Every now and then I see a product that just screams “DIY” — not at all, presumably, the response an entrepreneur is looking for. At a recent WCDExpo, one booth featured a wheelchair shower system. Cool, potentially, since it was meant to use an existing sink (probably in a kitchen), and could be collapsed and put away when not in use.
It was a very simple idea: a frame, a tent/shower curtain, a base (about 4 inches deep if I recall it correctly), a hose-and-faucet arrangement for the spray, and a pump and hose to return the used water to the sink. Great, huh? Except that the selling price was right around $2400. That’s two thousand, four hundred dollars, mates.
For twenty-four hundred dollars I could have my bathtub ripped out, the floor tiled, and a nice Collapsible Water Dam ($70) installed. Heck, at that price, I could even have my toilet moved if I needed to.
But say I wanted a Collapsible Shower Stall instead. Couldn’t I just run down to the local camping supplies store and pick up a shower frame? Drop in at Tarjay for a handheld shower spray? Pick up a small pump and hose at Home Depot? The basin might be a little tougher, but somehow I think I could find something that would contain up to three inches of water for less than $2,400. Maybe just a fiberglass shower floor set on the kitchen floor, with a no-slip mat under it.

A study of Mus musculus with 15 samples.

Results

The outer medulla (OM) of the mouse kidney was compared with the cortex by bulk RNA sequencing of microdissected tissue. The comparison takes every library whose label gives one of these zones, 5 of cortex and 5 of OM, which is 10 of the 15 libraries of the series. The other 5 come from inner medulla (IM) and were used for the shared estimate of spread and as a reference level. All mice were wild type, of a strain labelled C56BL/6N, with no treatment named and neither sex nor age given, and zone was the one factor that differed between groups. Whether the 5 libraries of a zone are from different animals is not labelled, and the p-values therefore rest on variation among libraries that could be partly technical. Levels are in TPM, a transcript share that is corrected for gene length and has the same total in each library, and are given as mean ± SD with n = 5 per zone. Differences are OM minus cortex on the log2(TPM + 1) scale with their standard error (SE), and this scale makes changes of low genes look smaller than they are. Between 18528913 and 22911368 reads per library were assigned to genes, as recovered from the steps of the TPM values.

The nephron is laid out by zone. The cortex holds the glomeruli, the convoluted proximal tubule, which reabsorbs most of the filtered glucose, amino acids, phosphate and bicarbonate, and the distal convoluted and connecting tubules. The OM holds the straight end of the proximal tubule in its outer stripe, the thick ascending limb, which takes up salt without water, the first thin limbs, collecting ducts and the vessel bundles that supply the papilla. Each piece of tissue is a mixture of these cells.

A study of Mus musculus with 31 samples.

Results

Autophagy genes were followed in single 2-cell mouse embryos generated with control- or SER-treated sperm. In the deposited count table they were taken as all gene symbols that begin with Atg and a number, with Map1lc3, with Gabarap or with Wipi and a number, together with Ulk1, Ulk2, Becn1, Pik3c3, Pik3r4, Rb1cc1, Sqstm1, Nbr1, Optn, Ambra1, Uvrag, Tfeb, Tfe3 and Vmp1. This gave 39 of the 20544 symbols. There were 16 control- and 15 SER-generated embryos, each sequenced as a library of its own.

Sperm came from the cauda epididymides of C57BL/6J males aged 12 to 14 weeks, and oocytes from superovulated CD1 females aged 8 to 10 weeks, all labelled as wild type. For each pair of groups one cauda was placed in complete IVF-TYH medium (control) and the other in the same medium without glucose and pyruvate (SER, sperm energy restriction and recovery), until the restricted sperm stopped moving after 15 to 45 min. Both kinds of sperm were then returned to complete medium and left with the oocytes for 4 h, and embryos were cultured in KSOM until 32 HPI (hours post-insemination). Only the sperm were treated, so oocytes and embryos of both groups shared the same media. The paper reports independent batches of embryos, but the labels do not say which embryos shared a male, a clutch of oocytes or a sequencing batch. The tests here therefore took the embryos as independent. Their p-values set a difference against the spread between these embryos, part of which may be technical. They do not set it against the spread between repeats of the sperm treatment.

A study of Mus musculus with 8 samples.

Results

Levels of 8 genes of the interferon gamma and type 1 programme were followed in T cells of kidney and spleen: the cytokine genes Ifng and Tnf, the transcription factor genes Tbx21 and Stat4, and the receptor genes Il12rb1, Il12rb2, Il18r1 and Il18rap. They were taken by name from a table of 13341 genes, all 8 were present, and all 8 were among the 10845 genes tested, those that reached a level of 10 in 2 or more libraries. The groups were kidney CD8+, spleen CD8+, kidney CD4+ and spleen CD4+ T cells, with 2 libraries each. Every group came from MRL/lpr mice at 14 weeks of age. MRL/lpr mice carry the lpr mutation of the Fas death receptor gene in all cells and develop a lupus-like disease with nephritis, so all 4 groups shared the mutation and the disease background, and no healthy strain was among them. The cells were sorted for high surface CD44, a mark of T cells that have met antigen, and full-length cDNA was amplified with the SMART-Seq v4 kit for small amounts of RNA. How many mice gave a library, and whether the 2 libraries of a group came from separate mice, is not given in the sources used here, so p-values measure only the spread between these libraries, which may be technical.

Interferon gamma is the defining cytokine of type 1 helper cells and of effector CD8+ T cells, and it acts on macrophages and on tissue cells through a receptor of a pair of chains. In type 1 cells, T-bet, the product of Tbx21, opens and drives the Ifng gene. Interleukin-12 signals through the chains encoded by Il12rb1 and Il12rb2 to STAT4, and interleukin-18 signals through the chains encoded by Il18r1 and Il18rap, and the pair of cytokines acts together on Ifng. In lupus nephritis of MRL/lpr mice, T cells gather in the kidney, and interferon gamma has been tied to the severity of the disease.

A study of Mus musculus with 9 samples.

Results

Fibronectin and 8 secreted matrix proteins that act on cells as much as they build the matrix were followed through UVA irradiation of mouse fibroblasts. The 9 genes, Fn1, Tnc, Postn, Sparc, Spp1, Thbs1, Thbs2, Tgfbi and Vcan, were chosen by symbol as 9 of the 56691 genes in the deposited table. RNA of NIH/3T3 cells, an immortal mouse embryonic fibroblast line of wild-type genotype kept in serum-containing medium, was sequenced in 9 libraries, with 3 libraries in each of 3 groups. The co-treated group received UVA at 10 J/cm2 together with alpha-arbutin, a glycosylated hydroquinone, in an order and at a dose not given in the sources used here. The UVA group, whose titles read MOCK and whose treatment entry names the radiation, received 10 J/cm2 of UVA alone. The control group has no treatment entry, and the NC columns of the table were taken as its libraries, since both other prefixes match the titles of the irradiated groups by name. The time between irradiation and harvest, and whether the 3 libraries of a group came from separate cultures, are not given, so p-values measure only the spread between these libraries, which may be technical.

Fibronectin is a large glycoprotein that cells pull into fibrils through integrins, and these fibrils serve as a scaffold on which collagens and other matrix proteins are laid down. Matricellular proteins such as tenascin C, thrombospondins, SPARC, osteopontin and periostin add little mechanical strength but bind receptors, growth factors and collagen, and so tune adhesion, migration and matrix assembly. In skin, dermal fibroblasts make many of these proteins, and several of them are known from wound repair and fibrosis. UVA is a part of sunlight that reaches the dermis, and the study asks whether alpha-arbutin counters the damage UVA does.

In fact, I might just be tempted to make my own wheelchair shower using Paha Que Wilderness’ Teepee Shower with Fiberglass Poles ($169) and the accessory Teepee Drain Capture Floor ($50). Add a hand-held shower head to clip onto the kitchen faucet ($24 on up to wherever, depending on how fancy), and that’s enough to shower right there, all for for say, $250. Modification might be necessary, but, hey, I’d rather cut the front of the Teepee shower away than spend an additional $2250 for a kludgee-looking commercial version.
I admit the return pump is a bit trickier, although there are aquarium pumps out there which don’t electrocute fish and might do the job effectively. Or, alternatively, it might just make sense to let the water collect in the Capture Floor and empty it before leaving the shower. I’m guessing that drain plug could be adapted to take a short length of garden hose, if it doesn’t already.
I haven’t tried this, and I can’t say how practical it really might be — caveat emptor! And clearly, if there are long-term needs involved, a portable shower in the kitchen isn’t necessarily the answer — whether it costs a couple of hundred or a couple of thousand dollars. But some of these “disability aids,” and their price tags, leave me wanting to scream. Don’t you just know that that one word — “disability” — can cost you hundreds (or thousands), for seemingly no reason at all. Why? How hard is it to build a cheap, portable, roll-in shower?
Paha Que Wilderness (It’s another stupidly designed site: scroll down the page and click on “Paha Que Store is now open” to get to the products.)